Anglo Dutch energy giant Shell said Thursday that shale gas could potentially meet South Africa's future energy needs if controversial "fracking" drilling uncovered large deposits.
The company would spend $200 million (140 million euros) to explore for gas in the vast Karoo semi-desert region if granted a licence to drill and any development would run into billions of dollars, said Shell South Africa upstream general manager Jan Willem Eggink.
"If exploration efforts prove that the shale contains commercially producible gas, and that still has to be proven, then South Africa could see production from this source within a decade," he told the Cape Town Press Club.
"If the volumes are even half the amount that the [US] Energy Information Administration quotes at the moment, then there will be sufficient energy for decades to come for South Africa and there is a good chance you will be self-sufficient for that whole period in energy."
Shell is one of several companies that want to prospect in the central Karoo which has sparked an environmental outcry over the use of hydraulic fracturing drilling to release underground resources.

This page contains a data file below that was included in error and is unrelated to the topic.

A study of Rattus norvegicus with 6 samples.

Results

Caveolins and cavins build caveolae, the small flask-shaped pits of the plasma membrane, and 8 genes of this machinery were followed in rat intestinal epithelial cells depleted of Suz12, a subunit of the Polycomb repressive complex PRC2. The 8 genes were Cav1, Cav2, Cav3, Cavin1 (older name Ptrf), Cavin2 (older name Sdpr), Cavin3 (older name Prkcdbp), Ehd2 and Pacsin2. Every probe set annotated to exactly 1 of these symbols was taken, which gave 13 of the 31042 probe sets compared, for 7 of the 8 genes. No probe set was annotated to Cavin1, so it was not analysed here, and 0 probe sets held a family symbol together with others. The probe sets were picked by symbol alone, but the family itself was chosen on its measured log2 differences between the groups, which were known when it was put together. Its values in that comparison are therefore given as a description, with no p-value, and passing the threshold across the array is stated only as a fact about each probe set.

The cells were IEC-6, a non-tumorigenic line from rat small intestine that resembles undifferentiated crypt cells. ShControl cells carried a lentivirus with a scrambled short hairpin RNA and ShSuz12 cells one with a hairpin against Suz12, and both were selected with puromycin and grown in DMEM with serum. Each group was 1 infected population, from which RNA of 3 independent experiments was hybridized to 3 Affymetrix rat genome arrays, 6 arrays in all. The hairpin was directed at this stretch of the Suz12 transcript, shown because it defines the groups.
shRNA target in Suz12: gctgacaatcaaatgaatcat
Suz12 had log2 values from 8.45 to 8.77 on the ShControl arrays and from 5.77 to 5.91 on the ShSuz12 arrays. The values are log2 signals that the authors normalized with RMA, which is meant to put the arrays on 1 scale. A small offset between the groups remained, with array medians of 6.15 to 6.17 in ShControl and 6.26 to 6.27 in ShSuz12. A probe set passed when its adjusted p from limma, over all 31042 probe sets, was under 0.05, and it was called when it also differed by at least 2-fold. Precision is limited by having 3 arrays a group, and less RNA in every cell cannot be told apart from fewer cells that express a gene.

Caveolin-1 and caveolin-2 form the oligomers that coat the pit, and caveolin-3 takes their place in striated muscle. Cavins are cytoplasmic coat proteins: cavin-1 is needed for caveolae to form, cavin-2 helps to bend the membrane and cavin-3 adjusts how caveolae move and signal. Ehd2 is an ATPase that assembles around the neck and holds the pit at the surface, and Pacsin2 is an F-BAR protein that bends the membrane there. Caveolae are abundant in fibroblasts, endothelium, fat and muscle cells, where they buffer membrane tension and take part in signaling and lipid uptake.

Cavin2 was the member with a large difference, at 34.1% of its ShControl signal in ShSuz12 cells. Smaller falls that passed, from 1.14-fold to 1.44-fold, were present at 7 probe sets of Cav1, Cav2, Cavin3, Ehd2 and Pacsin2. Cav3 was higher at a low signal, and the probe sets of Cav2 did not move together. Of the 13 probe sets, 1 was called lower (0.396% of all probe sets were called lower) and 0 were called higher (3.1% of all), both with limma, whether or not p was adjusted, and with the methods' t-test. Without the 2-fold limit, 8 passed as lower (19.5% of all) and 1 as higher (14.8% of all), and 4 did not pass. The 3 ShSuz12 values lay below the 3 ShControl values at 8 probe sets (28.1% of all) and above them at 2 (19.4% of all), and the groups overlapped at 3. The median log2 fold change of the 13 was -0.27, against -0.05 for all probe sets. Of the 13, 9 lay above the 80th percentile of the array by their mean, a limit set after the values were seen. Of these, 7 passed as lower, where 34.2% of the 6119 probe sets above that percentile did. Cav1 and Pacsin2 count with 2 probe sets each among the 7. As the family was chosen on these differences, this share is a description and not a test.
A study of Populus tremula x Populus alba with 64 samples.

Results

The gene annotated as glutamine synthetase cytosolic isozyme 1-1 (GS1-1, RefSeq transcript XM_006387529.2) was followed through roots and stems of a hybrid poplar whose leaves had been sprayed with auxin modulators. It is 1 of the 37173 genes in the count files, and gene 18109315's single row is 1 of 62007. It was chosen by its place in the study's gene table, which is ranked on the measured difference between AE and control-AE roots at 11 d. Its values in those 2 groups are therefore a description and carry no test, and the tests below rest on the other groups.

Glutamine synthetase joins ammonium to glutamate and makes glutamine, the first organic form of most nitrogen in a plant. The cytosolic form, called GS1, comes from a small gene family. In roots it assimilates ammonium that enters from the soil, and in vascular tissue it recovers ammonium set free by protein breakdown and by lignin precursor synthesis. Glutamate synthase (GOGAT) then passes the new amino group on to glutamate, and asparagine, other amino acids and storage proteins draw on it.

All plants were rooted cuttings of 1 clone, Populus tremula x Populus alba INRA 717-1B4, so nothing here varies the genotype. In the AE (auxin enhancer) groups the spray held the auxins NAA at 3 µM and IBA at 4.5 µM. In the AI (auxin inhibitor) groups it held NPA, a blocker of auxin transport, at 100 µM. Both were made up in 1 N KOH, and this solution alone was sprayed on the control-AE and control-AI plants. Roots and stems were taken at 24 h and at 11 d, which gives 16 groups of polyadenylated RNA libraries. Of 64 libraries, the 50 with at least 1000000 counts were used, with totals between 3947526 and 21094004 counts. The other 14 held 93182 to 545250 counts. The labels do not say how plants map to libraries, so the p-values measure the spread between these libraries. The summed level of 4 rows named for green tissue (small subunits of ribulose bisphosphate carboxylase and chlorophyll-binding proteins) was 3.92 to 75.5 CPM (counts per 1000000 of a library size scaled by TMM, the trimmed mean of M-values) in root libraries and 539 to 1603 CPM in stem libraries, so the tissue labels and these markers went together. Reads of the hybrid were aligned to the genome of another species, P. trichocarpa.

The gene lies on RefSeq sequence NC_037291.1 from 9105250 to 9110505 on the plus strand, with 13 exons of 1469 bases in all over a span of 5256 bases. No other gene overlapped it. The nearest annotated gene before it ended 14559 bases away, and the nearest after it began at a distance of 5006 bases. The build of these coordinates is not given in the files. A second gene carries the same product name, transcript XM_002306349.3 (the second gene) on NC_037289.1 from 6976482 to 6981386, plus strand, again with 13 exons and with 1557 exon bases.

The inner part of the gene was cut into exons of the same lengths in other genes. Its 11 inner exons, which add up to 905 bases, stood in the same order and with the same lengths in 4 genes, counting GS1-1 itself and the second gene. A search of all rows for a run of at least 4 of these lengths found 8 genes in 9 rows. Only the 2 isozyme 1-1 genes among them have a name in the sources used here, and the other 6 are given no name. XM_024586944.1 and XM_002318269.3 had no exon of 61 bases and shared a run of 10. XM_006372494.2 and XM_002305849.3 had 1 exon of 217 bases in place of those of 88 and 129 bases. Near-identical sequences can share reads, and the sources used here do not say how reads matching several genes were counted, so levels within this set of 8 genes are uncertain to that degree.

Exploratory drilling was needed to establish if gas could be extracted in commercial quantities and an environmental impact assessment if a licence is granted, Eggink told the Cape Town Press Club.
The project could potentially ease coal-hungry South Africa's energy deficit, its carbon footprint and lead to "significant" direct foreign investment, he said.
"We will spend at least 200 million dollars for the first phase of the exploration work. If you go later into development, I think you're talking about billions and billions of dollars," he said.
South Africa's government has frozen applications and decisions on current bids while it conducts a study into the impact of the process which blasts a mix of water, sand and chemicals into hard rock to release gas locked inside.